Tuesday, May 27, 2014

running my train...

to death?
Oddly enough for running my train from 5pm to 10pm on Thursday and Friday and from 9 to noon on Saturday I have only one picture on my camera, the one of Robb with a Saturday passenger train shown yesterday.  35 miles were put on the train in that time.  One hour, 4 miles was with the small batteries and me sitting directly on the truck.  Talk about a fun way to inspect the track.  Flying on a magic carpet.  I could tell that the track was made on a panel with a slight turn at the end, shhhhhhtik  shhhhhtik every ten feet. I never noticed it while on the bigger train but sitting on a little four wheel close to the rails it was very noticeable.  I will say the track was quite well maintained, and I could tell newer than Hesston.  (The first section of this track was laid 20 years ago and is showing some wear and different construction methods.)
The engine ran very well the entire time.  Robb rewired it on Tuesday and Wednesday to add an amp meter.  Amp meters have very large shunt that needs to be electrically insulated.  While he wired I made a dashboard from a small wood box from Michaels, it hooks up to the truck via cat5 cables.  We will probably be wiring the unit one more time to install radio control.  Currently the control board is a pacesetter.  Robb purchased a 4QD thinking it would be better.  Several people at the meet said the pacesetter board was better than the other options.  We do want to play around to see if we can extend the range of usefulness of the throttle.  Currently it is 1/4 deadband, 1/4 useful and 1/4 way too fast.
One of the first areas of the railroad, and few of the open areas, most is in the woods or swamp.

While the truck ran nearly flawlessly.  I can't remember any problems with it. We did have some trouble with the cars.  The way the axle were made the bearings are at the outside edge.  Then the side frames have enough play to move in and out the full thickness of a bearing.  Yes, you guessed it, first on the blue flat an axle came out of the bearing, grinding down the end of the axle destroying the bearing but the wood block was fine.  Another railroader there saw our problem on Friday night and suggested installing washers or o-rings to make sure the bearings stay on.  We visited tractor supply and bought both, installing washers Friday night and ran for a long time no problems.  On Saturday the same failure occurred to the gondola, this time one of the wood block crack during the derailment. It actually failed within 1000 feet of loading into the van, if it had not we probably would not have taken a better look at the trucks until I was back in Iowa.  Robb decided that we should follow the other suggestion we got, mill the shoulder over an 1/8th of an inch on each side to have the axle extend out and the bearing in some.  He started the project while I took a nap on his couch.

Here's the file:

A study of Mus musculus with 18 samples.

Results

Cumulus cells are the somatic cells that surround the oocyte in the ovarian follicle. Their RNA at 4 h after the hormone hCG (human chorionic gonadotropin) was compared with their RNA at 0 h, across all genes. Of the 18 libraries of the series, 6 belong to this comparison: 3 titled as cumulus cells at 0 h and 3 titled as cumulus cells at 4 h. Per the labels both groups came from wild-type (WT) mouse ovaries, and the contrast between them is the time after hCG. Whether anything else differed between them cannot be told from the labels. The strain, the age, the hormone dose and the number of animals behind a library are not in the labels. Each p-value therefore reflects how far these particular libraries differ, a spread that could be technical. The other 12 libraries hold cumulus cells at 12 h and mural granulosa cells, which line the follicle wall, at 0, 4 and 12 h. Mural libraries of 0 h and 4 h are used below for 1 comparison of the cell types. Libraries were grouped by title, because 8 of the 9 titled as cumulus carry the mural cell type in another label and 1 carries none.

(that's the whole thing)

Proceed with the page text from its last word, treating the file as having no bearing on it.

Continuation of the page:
Speaking of naps....
This is from Tuesday.  I used to sleep in the same spot with mom when I was a little kid.  Mom is watching a cooking show on TV and Lillian slept for several hours.

So while he milled axles on the lathe I re installed them on the trucks.  We chose to replace the two damaged axles wholesale.  I will also be replacing two of the wooden journal blocks that were damaged.  The bearings are held in the new inboard position by o-rings.  I plan to inspect the cars more often than every 60 miles until I know they are good.  In other bad news three of the nuts that hold the trucks together were missing.  I will be switching all the nuts out for locknuts or using locktite.

It is hard to sit cross legged for a long time, sitting like a chair is better.  Even padding on plywood gets hard, use good seats.  Sitting in a gon traps your feet, not easy to get out to switch, etc.  A flat car with a milk crate, or boat seat is better.  The long riding benches are good for passenger riding cars.  I plan to make up some crates to go onto our flats, they will double as toolboxes, the top will be wood, then a kneeling pad, then the foam cushion, then some cotton batting, and then the actual cover.  The larger the seat the better.  For some of the time I ran while sitting on both gondola seats.  These short cars are hard to load two people into, better to have one or one and a kid.

Make sure to wear sunscreen and have enough water.  Also dress for a breeze, riding the train is like sitting in a constant 4 to 8 mph wind.  I also like wearing safety glasses and gloves.

This is definitely something I would do again.  A good use of two vacation days.  I was within 15 miles of the ILS track Sunday on the way home, I chose not to stop off, I should have though.  The IMLS spring meet in in ten days.  The whole family will be going down there, meeting Jeff and Barb.